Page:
So, when a constituent reaches out to an elected California official for assistance in, say, navigating the new regulations and opportunities presented by the Affordable Care Act, one would think that that elected official would inform the constituent about Covered California, and about the assistance available, in the form of a highly-functional web site, with backup service through certified enrollment counselors, certified agents, and county service agencies.
One would think.
Not Congressman Ed Royce though. In the Fullerton Republican’s email of December 5, 2013, he cites horror stories from three people presented as constituents about how the Affordable Care Act has ruined their lives:
District Update | December 5, 2013
In the three weeks since we first asked you to share your healthcare story, we’ve received nearly 200 responses. Lost coverage and sky-high premiums have been the most commonly reported concerns, despite President Obama’s promise that the American people could keep their current healthcare coverage if they liked it.
Below are three of the many stories we’ve heard about the impact the new healthcare law is having on residents in the 39th district.
“I am a small business owner and I provide full insurance for 6 workers. I was notified that our existing policy is no longer valid and that we are forced to the new Obamacare policy which brings with it a 42.8% increase and higher deductibles than the old plan. I can no longer afford to pay for insurance for my 6 full time employees.” – RM, Yorba Linda
“My mother, brother (18), and I (20) share an Anthem Blue Cross PPO plan on the individual market. Our plan was cancelled because of Obamacare, and the replacement’s premium is 30% higher, deductible is higher, and coverage no better. We had a pretty darn good plan before…Obamacare does a few good things, but the bulk of it doesn’t fix the real underlying problems in our health care system, and the structure of the law evidences a clear lack of understanding of how America’s health care system, and even markets, work.” – Chris, Fullerton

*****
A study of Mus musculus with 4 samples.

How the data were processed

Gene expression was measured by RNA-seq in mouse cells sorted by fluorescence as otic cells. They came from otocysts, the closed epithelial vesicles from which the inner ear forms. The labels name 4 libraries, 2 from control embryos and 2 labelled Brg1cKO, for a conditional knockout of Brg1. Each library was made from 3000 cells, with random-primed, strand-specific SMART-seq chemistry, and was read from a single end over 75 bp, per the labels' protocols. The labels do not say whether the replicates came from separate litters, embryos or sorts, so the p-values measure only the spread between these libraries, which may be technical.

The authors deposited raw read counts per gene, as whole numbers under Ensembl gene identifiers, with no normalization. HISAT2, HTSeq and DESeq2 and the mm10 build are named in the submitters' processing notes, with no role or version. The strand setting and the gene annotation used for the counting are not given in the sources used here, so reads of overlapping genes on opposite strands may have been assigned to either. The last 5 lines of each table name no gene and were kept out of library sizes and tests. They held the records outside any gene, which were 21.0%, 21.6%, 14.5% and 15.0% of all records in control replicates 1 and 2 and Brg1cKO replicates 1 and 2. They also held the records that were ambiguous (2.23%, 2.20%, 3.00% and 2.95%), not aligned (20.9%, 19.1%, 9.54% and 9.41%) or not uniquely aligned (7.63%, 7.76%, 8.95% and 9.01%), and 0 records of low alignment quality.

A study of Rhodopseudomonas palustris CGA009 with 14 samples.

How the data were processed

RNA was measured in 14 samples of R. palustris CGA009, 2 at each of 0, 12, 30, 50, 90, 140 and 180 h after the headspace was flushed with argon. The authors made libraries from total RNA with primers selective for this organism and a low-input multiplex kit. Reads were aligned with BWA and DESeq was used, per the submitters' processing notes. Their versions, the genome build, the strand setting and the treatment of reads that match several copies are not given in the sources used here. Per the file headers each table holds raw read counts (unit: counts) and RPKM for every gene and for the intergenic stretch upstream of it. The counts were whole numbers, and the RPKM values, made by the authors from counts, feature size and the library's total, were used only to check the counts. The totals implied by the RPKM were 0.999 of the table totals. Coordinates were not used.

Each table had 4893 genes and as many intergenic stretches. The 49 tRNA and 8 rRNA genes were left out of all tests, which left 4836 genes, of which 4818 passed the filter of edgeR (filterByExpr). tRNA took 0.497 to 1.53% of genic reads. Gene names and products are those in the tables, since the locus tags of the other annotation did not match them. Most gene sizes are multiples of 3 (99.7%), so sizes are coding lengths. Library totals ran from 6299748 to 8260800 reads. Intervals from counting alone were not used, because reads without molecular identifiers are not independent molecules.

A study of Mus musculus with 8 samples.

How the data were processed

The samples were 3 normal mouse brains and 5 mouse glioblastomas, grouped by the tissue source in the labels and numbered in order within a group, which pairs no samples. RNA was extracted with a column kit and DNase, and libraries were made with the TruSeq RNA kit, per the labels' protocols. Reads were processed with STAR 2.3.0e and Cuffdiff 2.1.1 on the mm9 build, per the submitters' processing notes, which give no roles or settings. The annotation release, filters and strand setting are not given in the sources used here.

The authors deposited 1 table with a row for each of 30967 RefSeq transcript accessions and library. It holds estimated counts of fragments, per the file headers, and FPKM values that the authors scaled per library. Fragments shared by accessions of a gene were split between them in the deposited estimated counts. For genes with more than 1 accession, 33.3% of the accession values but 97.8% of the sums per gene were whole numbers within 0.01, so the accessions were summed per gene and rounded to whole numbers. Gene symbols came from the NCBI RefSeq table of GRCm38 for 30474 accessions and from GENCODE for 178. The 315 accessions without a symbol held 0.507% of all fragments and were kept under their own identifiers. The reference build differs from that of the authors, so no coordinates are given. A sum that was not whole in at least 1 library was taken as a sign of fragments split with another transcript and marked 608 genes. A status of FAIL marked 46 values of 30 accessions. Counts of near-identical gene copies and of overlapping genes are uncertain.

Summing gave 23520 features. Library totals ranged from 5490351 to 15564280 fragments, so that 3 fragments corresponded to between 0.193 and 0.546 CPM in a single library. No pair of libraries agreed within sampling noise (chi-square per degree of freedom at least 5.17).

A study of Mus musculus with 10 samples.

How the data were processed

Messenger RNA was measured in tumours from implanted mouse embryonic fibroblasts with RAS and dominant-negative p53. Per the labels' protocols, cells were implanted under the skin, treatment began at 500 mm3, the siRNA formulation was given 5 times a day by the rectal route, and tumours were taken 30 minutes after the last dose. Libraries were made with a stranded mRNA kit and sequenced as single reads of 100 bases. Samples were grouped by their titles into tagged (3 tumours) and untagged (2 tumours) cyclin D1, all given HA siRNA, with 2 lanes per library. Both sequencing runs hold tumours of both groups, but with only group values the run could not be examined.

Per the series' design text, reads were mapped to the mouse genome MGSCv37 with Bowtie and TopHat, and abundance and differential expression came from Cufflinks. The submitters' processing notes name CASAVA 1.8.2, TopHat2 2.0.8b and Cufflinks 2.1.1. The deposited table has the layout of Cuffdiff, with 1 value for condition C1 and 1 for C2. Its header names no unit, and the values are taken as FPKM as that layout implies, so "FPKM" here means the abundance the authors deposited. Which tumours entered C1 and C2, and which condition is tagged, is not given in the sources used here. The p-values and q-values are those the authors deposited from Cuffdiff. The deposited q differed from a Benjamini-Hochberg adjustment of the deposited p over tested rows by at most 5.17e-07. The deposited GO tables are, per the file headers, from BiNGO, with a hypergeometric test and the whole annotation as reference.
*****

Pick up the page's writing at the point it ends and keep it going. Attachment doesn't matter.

“Premiums going from 286.00 per month to 456.00 minimum or higher with worse coverage, fewer office visits allowed, and higher prescription costs.” – Terry, Anaheim
With over one million Californians expected to lose their coverage, the flawed rollout of healthcare.gov is turning out to be only one of many serious issues with the new healthcare legislation. Have you lost your coverage? Facing higher premiums? I want to hear your healthcare story. Click here to tell me about your experience with the new healthcare law.
Representative Ed Royce
First question, of course, is whether these are real people or not, and how valid their stories are. Recall Sean Hannity’s recent fact-check faux pas when the three ACA-afflicted couples he presented on his show turned out to be less than meets the eye. All had doctored or highly colored stories to fit Hannity’s meme. [Editor: Click here if you don't know what John's talking about. Just do it.]
Second question, why didn’t Rep. Royce help these people, rather than just glory in their misery?
For “RM, in Yorba Linda,” Rep. Royce could have pointed out that the ACA has no effect on businesses with 49 or fewer employees.
For “Terry, in Anaheim,” Rep. Royce could easily have had someone on his staff call the guy and have him come by the office (Brea isn’t that far from Anaheim, after all) or at least put him in touch with one of the levels of assistance from Covered California.
For “Chris in Fullerton,” same remedy as Terry.
Which brings up another really interesting point: instead of referring readers of his email to the Healthcare.gov web site (which was having teething problems at the time, and which is for states that don’t have their own programs—unlike California), Rep. Royce could (and should) have simply referred them to the coveredca.com web page, which IS WORKING JUST FINE.
The Affordable Care Act and ObamaCare are different names for the same thing.
Healthcare.gov is not ObamaCare/ACA. It is a software portal that connects with other government databases in agencies like Internal Revenue and Social Security. As such, it is an extremely complicated piece of software engineering.
And: Barack Obama didn’t write the code. It was written by a government contractor, CGI Federal, after extensive competition, and follows the recognized standards set by Carnegie Mellon University’s Software Engineering Institute
But you knew all that already, didn’t you.